Women and Sex Roles: A Social Psychological Perspective

By Irene H. Frieze; Jacquelynne E. Parsons et al. | Go to book overview

Deborah Lee

Joan Hertzberg

*During the early part of the twentieth century a dramatic change took place in psychology, which revolutionized the way in which psychologists look at the human mind. The person responsible for this was Sigmund Freud; his ideas formed the basis of psychoanalytic theory.

Today, much of the field of personality is derived from the psychoanalytic tradition. Psychoanalytic theories and constructs are directly applied in clinical settings and set the tone for the psychiatric treatment of women and men. This has had a great impact upon clinical practice. Psychoanalytic theory has also had wide acceptance by the general public, and it has been a major influence in the formation of our basic conceptions of femininity. Thus, whether filtered through the therapist's office, the university classroom, or the mass media, women have accepted these concepts and have tried to mold themselves to fit them.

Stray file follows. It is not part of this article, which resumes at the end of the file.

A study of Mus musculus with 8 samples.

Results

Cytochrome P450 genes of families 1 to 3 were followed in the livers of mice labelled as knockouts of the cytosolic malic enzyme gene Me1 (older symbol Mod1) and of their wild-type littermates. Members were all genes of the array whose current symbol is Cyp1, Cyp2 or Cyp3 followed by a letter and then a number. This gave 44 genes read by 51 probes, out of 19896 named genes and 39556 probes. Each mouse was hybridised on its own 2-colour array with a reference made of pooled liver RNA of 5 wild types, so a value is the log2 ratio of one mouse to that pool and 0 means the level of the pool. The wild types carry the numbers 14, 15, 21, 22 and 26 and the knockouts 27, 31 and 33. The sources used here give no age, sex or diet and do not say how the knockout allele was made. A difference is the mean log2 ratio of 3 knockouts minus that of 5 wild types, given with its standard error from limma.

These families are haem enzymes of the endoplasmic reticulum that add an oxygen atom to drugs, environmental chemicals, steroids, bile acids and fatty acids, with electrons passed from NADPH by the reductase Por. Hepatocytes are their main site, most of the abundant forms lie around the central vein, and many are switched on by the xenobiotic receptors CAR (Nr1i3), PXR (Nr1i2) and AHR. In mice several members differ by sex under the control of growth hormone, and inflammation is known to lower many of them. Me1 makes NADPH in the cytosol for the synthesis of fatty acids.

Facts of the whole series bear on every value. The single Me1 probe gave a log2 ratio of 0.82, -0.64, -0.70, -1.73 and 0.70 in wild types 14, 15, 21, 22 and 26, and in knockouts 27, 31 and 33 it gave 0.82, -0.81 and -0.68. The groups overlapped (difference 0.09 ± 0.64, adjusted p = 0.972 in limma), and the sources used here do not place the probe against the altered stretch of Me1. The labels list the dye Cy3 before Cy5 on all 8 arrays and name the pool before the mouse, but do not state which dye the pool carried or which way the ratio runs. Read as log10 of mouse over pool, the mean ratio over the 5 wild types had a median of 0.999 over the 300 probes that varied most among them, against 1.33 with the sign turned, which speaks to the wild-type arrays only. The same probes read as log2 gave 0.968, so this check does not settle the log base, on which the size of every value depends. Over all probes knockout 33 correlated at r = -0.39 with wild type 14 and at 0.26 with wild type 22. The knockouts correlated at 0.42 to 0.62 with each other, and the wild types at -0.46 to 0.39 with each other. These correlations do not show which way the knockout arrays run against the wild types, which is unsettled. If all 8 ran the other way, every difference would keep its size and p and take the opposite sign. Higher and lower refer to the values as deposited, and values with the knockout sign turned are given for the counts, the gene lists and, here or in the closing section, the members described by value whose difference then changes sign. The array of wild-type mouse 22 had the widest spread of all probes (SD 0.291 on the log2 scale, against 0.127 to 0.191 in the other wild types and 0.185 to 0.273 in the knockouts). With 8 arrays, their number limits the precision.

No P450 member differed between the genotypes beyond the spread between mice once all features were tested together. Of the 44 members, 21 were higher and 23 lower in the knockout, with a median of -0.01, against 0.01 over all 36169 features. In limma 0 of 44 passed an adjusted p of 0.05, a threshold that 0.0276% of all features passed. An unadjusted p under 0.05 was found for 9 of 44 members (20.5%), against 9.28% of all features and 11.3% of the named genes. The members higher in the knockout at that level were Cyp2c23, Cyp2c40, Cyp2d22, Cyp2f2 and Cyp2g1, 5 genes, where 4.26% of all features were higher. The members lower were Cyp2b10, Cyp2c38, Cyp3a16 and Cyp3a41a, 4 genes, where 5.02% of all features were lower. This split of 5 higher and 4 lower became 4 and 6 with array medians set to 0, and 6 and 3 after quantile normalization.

As with most theories, personality theories have been subject to much criticism from time to time. More recently, there has been much concern with the way in which these theories have described the behavior and personality of women. This chapter will critically review the psychoanalytic literature on feminine personality, with a special emphasis on some of the assumptions of this literature. Since they deal specifically with defining feminine personality and the special problems of women, we will look at Freud,

This chapter was done with the assistance of Irene Frieze, Jacquelynne Parsons, and Diane Ruble.